While chasing a segfault around a complicated and grouchy c++ program I added several //comments and cout statements, but no 'actual' code. Then, suddenly, for no apparent reason the segfault vanishes.

I'm happy, but still a little worried, because I don't think I fixed anything and there was clearly something wrong.

How can I debug a problem that has disappeared? (sadly I don't have a version that's still giving a segfault, any older versions have other problems)

As an aside, do you think I am mistaken in thinking that I have only added //comments and cout statements? Is it more likely that I accidentally altered something else?

  • Read about heisenbugs – Basile Starynkevitch Jul 7 '15 at 10:51

Getting a segmentation fault only happens when you have invoked undefined behaviour. And undefined behaviour means that the normal rules of a programming language don't apply: whatever the run-time system does is by definition OK, and you don't get to complain about it. It might even do the expected thing, just to confuse you.

In particular, adding debug statements can change a program so that it raises exceptions where it didn't before, or vice versa. Indeed, this is expected, because detecting memory access violations depends on how precisely things are laid out in memory, and any code you add changes these details.

Therefore, your program was definitely wrong before, and if you don't get exceptions now, it is almost certainly still wrong, only less obviously wrong. It is much more likely that introducing debug messages changed the variety of undefined behaviour you get than that you fixed your logic and didn't notice.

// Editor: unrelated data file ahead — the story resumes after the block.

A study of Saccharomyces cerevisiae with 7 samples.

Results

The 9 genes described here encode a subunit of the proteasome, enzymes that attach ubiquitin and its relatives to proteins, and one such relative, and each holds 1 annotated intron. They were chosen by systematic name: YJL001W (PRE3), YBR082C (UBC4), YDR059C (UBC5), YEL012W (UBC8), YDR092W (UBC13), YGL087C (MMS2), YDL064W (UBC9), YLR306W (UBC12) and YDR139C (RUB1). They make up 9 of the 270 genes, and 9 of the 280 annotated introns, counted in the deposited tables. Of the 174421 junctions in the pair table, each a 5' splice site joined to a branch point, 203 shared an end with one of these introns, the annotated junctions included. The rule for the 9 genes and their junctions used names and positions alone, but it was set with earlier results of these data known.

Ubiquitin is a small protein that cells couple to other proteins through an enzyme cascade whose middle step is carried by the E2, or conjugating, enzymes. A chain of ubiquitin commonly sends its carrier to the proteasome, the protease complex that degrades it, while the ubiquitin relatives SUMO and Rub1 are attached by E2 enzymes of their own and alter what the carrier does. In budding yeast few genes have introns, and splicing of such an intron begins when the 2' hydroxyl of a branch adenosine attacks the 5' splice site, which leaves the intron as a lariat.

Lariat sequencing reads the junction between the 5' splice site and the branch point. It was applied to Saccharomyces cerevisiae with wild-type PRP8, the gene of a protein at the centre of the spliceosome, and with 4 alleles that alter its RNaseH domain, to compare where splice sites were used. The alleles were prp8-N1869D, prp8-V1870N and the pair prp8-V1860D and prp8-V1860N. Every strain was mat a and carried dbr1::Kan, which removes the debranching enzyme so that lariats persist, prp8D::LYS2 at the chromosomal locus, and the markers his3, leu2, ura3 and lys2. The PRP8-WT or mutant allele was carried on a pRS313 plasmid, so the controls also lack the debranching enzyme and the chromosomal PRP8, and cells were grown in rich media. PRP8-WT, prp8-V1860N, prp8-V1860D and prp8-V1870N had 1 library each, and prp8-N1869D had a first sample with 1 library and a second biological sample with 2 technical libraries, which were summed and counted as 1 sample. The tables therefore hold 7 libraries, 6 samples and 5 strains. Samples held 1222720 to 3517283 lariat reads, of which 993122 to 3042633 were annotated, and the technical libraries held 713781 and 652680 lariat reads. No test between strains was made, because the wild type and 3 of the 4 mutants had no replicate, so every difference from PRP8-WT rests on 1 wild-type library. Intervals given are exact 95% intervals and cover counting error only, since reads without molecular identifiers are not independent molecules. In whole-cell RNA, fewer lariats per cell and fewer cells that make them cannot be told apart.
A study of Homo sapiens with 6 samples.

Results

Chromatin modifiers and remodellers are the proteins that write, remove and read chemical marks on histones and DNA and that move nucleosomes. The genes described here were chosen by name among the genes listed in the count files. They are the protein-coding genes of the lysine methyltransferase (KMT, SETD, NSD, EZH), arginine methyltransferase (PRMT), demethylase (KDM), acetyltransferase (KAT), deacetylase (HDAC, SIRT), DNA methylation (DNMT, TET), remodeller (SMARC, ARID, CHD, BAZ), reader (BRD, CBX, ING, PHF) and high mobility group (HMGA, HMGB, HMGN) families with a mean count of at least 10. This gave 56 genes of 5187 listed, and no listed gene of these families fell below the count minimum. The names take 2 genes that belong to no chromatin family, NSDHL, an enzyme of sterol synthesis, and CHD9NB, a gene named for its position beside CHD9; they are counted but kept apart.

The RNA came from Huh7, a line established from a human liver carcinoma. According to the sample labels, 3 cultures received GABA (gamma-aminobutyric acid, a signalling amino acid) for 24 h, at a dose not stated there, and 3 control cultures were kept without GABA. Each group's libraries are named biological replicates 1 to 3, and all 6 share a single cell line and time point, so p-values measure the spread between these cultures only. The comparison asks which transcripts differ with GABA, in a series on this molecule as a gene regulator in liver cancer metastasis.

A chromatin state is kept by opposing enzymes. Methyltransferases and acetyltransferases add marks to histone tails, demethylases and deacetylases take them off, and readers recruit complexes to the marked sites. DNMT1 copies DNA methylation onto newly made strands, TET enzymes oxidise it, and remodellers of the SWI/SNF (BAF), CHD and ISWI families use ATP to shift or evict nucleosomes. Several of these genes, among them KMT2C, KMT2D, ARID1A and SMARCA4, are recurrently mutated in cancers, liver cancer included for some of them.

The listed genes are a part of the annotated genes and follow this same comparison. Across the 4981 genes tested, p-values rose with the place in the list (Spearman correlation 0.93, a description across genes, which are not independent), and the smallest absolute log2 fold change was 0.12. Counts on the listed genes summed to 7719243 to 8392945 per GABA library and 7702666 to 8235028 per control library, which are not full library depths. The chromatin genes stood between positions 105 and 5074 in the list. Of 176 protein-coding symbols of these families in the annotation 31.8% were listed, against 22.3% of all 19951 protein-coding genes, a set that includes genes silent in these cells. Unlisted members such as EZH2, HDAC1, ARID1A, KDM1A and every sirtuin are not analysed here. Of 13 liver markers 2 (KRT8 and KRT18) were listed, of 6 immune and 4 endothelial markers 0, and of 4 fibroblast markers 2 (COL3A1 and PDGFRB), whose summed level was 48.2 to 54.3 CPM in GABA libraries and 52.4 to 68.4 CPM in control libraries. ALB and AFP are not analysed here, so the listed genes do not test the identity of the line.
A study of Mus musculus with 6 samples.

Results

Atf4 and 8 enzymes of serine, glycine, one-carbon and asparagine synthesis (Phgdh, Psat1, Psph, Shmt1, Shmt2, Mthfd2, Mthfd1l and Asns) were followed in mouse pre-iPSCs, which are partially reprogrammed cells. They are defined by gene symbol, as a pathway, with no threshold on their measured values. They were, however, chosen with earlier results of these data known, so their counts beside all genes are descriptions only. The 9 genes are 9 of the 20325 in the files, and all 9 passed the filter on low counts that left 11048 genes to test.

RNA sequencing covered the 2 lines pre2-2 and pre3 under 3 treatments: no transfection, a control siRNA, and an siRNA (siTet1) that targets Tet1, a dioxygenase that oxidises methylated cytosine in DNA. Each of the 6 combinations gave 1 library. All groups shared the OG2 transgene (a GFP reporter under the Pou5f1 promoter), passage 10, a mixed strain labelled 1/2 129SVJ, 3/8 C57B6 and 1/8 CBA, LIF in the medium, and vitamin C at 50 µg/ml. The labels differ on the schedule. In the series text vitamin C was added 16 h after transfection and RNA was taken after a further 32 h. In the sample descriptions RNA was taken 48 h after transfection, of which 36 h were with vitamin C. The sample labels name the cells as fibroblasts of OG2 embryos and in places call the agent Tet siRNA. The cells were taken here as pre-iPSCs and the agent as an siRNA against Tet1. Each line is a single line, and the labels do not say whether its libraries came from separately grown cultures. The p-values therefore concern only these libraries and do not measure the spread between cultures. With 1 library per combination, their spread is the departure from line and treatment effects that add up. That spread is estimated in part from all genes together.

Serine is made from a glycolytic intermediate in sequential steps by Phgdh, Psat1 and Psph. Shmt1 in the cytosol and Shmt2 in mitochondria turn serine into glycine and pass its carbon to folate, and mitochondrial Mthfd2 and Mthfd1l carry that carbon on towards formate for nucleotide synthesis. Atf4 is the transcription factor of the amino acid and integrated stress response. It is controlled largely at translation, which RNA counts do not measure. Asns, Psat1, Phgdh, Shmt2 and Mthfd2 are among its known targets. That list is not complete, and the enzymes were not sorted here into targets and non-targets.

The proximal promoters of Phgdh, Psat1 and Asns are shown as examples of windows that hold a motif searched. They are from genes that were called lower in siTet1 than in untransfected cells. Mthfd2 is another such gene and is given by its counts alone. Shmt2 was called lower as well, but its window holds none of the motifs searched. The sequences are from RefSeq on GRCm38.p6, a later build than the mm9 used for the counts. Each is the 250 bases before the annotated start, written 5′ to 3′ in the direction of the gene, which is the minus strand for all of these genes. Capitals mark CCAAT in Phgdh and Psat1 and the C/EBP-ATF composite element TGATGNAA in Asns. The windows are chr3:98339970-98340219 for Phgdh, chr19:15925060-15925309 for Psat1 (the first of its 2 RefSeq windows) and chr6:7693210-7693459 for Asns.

• You can get segfaults from well defined but erroneous behavior. A case from 20 years ago that sticks in my mind involved trying to store a real mode pointer into a protected mode pointer. – Loren Pechtel Jul 7 '15 at 22:54

Segfaults often are affected by whatever garbage happened to be in the memory you're erroneously trying to access. Adding a cout near the bug can change that. I've also had bugs that are dependent on what memory location a pointer happened to be assigned to. Move the pointer by adding "irrelevant" code, and it changes the behavior.

That's why the safest way to debug such problems is using a debugger, because it doesn't change the conditions. It also happens to be the fastest way, usually instantly giving you the exact line the bug occurs and the exact state of the variables at that point, although the root cause is often an assignment that occurred previously. And you don't have the overhead of waiting for compiles. There's really no excuse not to learn how to use a debugger.